Photos by Angela Almeida
Deep into the night, a buzz can be heard in the Brownsville Houses. Outside playgrounds, inside parking lots, and throughout courtyards, massive floodlights marked with NYPD insignias and powered by humming generators stand guard, creating the eerie look of a perpetual crime scene. It’s no shocker, really: The Brooklyn project off Rockaway Avenue is located in one of New York City’s most crime-ridden areas and is known for its high police presence amid a bevy of affordable housing developments.
For resident Adilka Pimentel, what she witnesses on a daily basis is Omnipresence in action. That’s the comically Orwellian (and completely fucking terrifying) name for the freshest tactic in the NYPD playbook. To her, the bright beams mean one thing: The cops are here until dawn.
In a city where stop-and-frisk is no longer politically acceptable, but not necessarily over, this bizarro version of community policing deploys a platoon of patrolmen at corners and in the centers of buildings in more dangerous neighborhoods. It also bathes those neighborhoods in floodlights. Eyes, ears, and lights are now on every corner, in the hopes of stopping crime before it starts.
“It’s overwhelming. The lights shine into people’s rooms, making it hard for them to sleep,” Pimentel, a volunteer with the immigrant justice group Make the Road NY, told me. “It doesn’t exactly feel comfortable.”
Roberto Hines, a Flatbush resident who comes to Brownsville every night, says he first saw the lights go on three or four months ago, after a nearby shooting drew the cops’ attention. “They never turn off,” he told me, as we stood in the light’s reach. “The buzz from the generators never stops. There are at least five in every development.”
Hines says all of this is actually reassuring. “Now you can know when people are coming from far away,” he said. “And you can see the cops on the corner until midnight, with their blue lights on, not taking any calls. I never feel unsafe here.”
“Omnipresence is the perfect word for it,” Terence Francis, another resident of the Houses, said outside an illuminated basketball court. “You hear young kids now say all the time, ‘Damn, the cops are everywhere.’”
As a result, he agrees that the area is safer, even if it feels strange at night sometimes with all that brightness. “I just put my curtains up,” he said.
Even though some people are evidently fine with this new initiative, the NYPD doesn’t want to talk about it. If you search for Omnipresence online, you’ll mostly find Old Testament descriptions of God and His ability to be everywhere and nowhere at the same time. So far, the only mention in a major media outlet of this new approach to law enforcement came in an article by Joseph Goldstein of the New York Times, who reported on the after-effects of stop-and-frisk in areas like Brownsville.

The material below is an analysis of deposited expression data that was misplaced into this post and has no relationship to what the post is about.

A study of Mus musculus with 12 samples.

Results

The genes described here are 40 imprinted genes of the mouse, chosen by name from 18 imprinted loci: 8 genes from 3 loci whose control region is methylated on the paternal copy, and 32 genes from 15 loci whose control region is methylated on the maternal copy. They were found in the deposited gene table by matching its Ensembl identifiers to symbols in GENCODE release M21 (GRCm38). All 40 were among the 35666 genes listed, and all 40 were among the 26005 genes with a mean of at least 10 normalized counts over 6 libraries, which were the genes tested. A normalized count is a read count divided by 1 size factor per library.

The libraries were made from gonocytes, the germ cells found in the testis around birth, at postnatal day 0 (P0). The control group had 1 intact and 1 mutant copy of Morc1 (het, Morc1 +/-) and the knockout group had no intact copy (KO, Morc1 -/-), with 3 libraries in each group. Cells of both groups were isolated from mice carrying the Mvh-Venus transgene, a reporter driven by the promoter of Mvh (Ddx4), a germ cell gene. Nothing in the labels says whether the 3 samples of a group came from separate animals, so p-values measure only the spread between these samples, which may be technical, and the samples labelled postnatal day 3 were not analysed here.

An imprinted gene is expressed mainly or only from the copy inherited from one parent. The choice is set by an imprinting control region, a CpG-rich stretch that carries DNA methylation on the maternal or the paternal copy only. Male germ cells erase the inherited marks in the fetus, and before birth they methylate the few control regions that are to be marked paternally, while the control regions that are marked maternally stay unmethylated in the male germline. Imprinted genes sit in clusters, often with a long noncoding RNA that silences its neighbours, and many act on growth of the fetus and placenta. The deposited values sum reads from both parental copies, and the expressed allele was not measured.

“As part of a new strategy called Omnipresence, the officers now stand on street corners like sentries, only rarely confronting young men and patting them down for weapons,” Goldstein writes. The article is supplemented by a video that asks, “Omnipresence: New Stop-and-Frisk?” but doesn’t provide an answer.
Brett Stoudt, an assistant professor of psychology at the John Jay College of Criminal Justice, says that this digital footprint, or lack thereof, is confounding. “If you'd look at the to-do list in my office, you would see number six says, ‘Find out more about Omnipresence,’” he told me via email.
In his work, Stoudt analyzes the psychological impact aggressive policing has on low-income communities of color in the Bronx and Brooklyn. And, with a decade of stop-and-frisk procedures in place, he's had no shortage of material. However, the subjects Stoudt has spoken with in these neighborhoods are still not sure what Omnipresence is, or whether it’s part of something much bigger.
“It is too new. Certainly there is a sense that something might be different (lots of cops standing around) on the one hand, and then there is the sense that nothing has changed (still lots of stop-and-frisks and low-level misdemeanor arrests, albeit fewer than previously).” Stoudt added. “However, I am still unclear about the impact of Omnipresence, or even what is included and if it is going to stick as a thing.”
Until recently, Pimentel didn’t know what she sees just outside her home every day even had a name. She just figured it was standard procedure; in Brownsville, this type of behavior by the cops is pretty much expected. “We’ve acknowledged it, and we recognize that stop-and-frisk isn’t over,” she told me. “Omnipresence is just another one of those tactics.”
She believes Omnipresence is an outgrowth of broken windows policing, or the idea that if you focus on lower-level infractions, serious crime will diminish, which is essentially the basis of NYPD Commissioner William J. Bratton’s career. He was supposed to offer a reset after his predecessor, Ray Kelly, was plagued by controversies over the surveillance of Muslim communities, brutality, and, of course, stop-and-frisk. But Omnipresence just adds surveillance while cutting back on actual interactions, so as to avoid bad PR. In other words, it’s stop-and-frisk 2.0.
After I reached out several times to the NYPD for comment, a spokesperson told me the department was still trying to craft a response to my basic question: What is Omnipresence? We'll update this story if they get back to us, but the hesitation further shrouds the tactic in mystery, as if even the police are unsure about what, exactly, this all means.
John Surico is a Queens-based freelance journalist. His reporting can be found in the New York Times, the Wall Street Journal, and the Village Voice, among other outlets. Follow him on Twitter.